Below are some of the most effective methods of managing a productive, happy workplace while increasing output.

1. Establish Accountability

Productivity depends on every employee understanding that the jobs they do come with specific responsibilities, and that their actions have consequences. Employees that lack accountability are more likely to slack off, procrastinate, or blame others for their shortcomings – as with no consequences coming their way there is no urgency or importance placed on the tasks. Establishing accountability from the beginning results in higher-quality output and an increased focus on informed, efficient action.

2. Avoid Excessive Micro-management

There is no denying that management is absolutely crucial, but too much of a good thing can have adverse effects on productivity. Excessive micro-managing creates employees that feel as if they are not trusted and that their decision-making processes are not valued. They can quickly and easily become discouraged. Instead of encouraging employees to put forth their best efforts, it results in an eventual dependence on micro-management that can sink productivity levels.

3. Recognise Success

Just as employees must be held accountable for their actions, they should also be recognised for their success. Even small efforts, such as verbal recognition or occasional awards, can encourage employees and make them feel like their hard work is being rewarded. You don’t have to issue big prizes or rewards, a simple but regular internal announcement would suffice. For businesses that can afford it, larger rewards, such as holiday parties, improve morale and create camaraderie in the office, all of which leads to happier, more productive employees.

4. Break Out of Ruts

While it is generally advisable to assign tasks based on an employee’s particular competencies, keep in mind that doing the same tasks repeatedly over an extended period of time can make even a skilled employee feel as if their work has become monotonous (and dare I say it – boring). If possible, it may be useful to expose employees to other tasks and even other departments. This renews motivation, offers new skills to learn and apply, and grants the employee a broader understanding of how the business operates.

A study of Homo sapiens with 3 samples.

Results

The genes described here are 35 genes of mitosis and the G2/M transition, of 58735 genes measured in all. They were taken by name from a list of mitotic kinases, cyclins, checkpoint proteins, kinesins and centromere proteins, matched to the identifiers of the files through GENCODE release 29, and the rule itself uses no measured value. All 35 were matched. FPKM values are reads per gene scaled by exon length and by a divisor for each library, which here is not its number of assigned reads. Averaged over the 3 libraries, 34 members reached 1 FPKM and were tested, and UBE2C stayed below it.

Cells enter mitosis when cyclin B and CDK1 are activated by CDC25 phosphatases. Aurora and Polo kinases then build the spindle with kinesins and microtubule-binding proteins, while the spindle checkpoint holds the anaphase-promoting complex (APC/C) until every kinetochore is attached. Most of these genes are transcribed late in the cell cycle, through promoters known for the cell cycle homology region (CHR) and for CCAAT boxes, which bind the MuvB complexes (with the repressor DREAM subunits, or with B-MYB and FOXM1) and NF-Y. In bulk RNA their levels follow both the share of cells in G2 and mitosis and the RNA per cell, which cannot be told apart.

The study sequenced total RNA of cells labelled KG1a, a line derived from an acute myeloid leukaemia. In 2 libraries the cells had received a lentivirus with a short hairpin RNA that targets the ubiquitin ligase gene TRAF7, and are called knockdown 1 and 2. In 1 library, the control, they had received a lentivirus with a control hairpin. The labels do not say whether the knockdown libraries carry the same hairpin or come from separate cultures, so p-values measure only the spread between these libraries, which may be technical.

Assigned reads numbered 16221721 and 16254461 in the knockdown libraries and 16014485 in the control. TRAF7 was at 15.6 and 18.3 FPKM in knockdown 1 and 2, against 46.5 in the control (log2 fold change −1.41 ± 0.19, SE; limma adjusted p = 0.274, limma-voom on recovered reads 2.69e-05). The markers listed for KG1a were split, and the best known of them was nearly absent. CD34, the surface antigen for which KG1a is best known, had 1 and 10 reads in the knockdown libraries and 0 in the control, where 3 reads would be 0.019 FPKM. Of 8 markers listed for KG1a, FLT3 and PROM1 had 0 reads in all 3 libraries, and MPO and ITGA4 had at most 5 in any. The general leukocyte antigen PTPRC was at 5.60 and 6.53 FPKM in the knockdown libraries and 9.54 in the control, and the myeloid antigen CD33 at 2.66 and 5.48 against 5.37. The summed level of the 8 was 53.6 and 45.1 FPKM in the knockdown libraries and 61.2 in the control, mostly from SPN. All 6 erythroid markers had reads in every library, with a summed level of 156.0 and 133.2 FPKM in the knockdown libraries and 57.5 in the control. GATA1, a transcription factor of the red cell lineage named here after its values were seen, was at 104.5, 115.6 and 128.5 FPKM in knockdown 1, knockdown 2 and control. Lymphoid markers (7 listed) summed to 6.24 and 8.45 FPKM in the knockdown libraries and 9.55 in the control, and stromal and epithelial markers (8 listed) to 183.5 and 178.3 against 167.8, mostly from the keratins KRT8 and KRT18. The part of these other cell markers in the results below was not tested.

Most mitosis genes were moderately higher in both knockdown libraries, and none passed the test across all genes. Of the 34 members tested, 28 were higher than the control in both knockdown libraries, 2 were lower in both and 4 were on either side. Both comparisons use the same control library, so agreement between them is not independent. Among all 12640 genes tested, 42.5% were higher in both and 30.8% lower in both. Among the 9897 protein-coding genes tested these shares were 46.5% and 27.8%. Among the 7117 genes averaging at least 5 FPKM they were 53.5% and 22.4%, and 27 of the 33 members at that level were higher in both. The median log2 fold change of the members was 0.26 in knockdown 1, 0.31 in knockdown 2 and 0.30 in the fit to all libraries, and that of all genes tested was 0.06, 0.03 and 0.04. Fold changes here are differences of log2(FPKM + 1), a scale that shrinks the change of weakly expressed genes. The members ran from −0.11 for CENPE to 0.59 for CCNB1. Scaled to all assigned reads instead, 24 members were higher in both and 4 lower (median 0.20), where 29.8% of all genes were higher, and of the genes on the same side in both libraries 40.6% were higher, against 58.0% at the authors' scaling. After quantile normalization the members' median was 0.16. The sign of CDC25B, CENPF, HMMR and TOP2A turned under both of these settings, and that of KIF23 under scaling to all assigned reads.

5. Cut Down on Useless Meetings

Often, meetings serve as nothing more than temporary breaks from productive work. If a meeting does not have a specific purpose, an organised agenda, and a plan of action, it will probably only function to diminish productivity and honestly staff will resent the meeting from the get go. Meetings can be a great way to share ideas and establish goals, but don’t let them get in the way of delivering actual results.

6. Think Outside the Box

Studies have revealed several productivity-boosting techniques that may seem counter-intuitive at first glance. While social media has been demonised in workplace settings, data shows that allowing occasional breaks to access such sites can boost workplace productivity by nearly 10%. Likewise, allowing employees to listen to music while working – when it doesn’t interfere with the job, of course – can also improve efficiency. Providing such perks can pay off tremendously if it means happier, more motivated employees.

“Productivity is not something that just gets switched on or off.  You need to invest time and resources into creating the structure to support a productive workplace.”

Balancing the needs of a business is never an easy job, but a focus on increased productivity can have a positive impact on nearly every other facet of the workplace. By using the techniques above, it is possible to eliminate unnecessary pitfalls and ensure that employees are personally invested in efficient and quality output.